Parties should order their credit reports to verify what debts are reported under whose names. Under federal law, parties are entitled to obtain free credit reports. These can be ordered online from https://www.annualcreditreport.com. Note that it is illegal to order someone else's credit report without authorization. The Fair Credit Reporting Act has serious penalties for the ordering of a report without proper authority. 15 USC 1681b, 1681n.
If joint credit cards cannot be paid off and closed, parties should explore the possibility of transferring joint debt to separate credit cards to allocate the liability in accordance with their settlement.
Of course, economic factors may outweigh the legal risks to a party's credit rating: the parties need to think about which debts have the best interest rates or payment schedules or which are least likely to be enforced. Often parties simply do not have the funds to establish new households and also to pay off debts.
Short of paying off a debt, there is no sure way to protect one spouse from exposure if the other spouse fails to pay a joint debt. When possible, attorneys should avoid the problem altogether by assigning responsibility for debts to the person whose name appears on the debt or to the person who has the most to lose if the debt is not paid.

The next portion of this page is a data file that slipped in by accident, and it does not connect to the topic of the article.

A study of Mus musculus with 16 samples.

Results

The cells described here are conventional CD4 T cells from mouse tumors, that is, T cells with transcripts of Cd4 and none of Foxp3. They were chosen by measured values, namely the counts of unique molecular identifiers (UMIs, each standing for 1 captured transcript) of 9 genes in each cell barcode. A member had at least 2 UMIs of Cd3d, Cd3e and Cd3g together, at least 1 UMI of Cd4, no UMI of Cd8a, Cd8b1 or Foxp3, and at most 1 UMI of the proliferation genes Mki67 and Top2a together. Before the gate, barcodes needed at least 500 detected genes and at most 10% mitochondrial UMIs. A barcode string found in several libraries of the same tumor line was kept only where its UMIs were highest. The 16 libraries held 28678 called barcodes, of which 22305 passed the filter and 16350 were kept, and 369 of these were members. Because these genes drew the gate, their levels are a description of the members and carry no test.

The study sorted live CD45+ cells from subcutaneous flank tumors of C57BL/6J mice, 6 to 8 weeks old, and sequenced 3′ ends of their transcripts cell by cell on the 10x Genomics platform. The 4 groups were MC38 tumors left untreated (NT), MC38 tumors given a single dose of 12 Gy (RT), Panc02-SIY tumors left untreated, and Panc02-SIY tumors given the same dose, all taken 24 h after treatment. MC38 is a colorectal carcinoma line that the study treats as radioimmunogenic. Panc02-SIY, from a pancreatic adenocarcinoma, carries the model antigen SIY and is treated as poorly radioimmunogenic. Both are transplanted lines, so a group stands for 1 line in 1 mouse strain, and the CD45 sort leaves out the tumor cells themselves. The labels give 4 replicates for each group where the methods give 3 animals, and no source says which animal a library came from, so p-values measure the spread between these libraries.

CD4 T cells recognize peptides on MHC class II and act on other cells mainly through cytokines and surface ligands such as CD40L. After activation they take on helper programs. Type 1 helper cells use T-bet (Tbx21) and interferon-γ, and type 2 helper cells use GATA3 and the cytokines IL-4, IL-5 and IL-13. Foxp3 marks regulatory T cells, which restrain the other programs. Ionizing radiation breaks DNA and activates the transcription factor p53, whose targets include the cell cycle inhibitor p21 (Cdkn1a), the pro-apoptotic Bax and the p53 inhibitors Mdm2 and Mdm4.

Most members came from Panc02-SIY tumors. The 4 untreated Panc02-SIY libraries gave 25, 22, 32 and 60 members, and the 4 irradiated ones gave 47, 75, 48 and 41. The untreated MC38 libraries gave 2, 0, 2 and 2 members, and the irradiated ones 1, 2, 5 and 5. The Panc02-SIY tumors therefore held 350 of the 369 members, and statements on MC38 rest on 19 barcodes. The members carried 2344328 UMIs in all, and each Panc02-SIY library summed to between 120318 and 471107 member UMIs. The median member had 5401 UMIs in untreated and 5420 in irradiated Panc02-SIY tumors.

When one spouse assumes a debt bearing the other spouse's name, a judgment should require the assuming spouse to attempt to remove the other spouse's name from the debt. If the assuming spouse has a good credit rating and sufficient income, a third-party creditor will sometimes agree to release the nonassuming spouse from liability or will refinance the debt in the assuming party's sole name. However, creditors are often reluctant to give up a potential pocket to collect from, and refinancing is often expensive.
Judgments may include various security devices to ensure that a party actually pays the debts he or she has assumed. These devices include liens on other property awarded to the assuming spouse, life insurance to provide funds in case the assuming party dies, an award of attorney fees for enforcement, or the right to offset other obligations between the spouses. A party with adequate bargaining power can sometimes demand a conditional wage assignment or power of attorney to sell assets belonging to the debtor spouse, with the wage assignment or power of attorney only to take effect on the other's default in payment. However, not all of these security devices will survive a bankruptcy proceeding.
Under federal law, a spouse whose credit rating is affected by the other spouse's nonpayment of debts may insert an explanation in his or her own credit reports explaining that the debt in question should have been paid by the other spouse. 15 USC 1681i. This might mitigate credit problems, but it does not make the innocent spouse whole. For more information, contact our firm.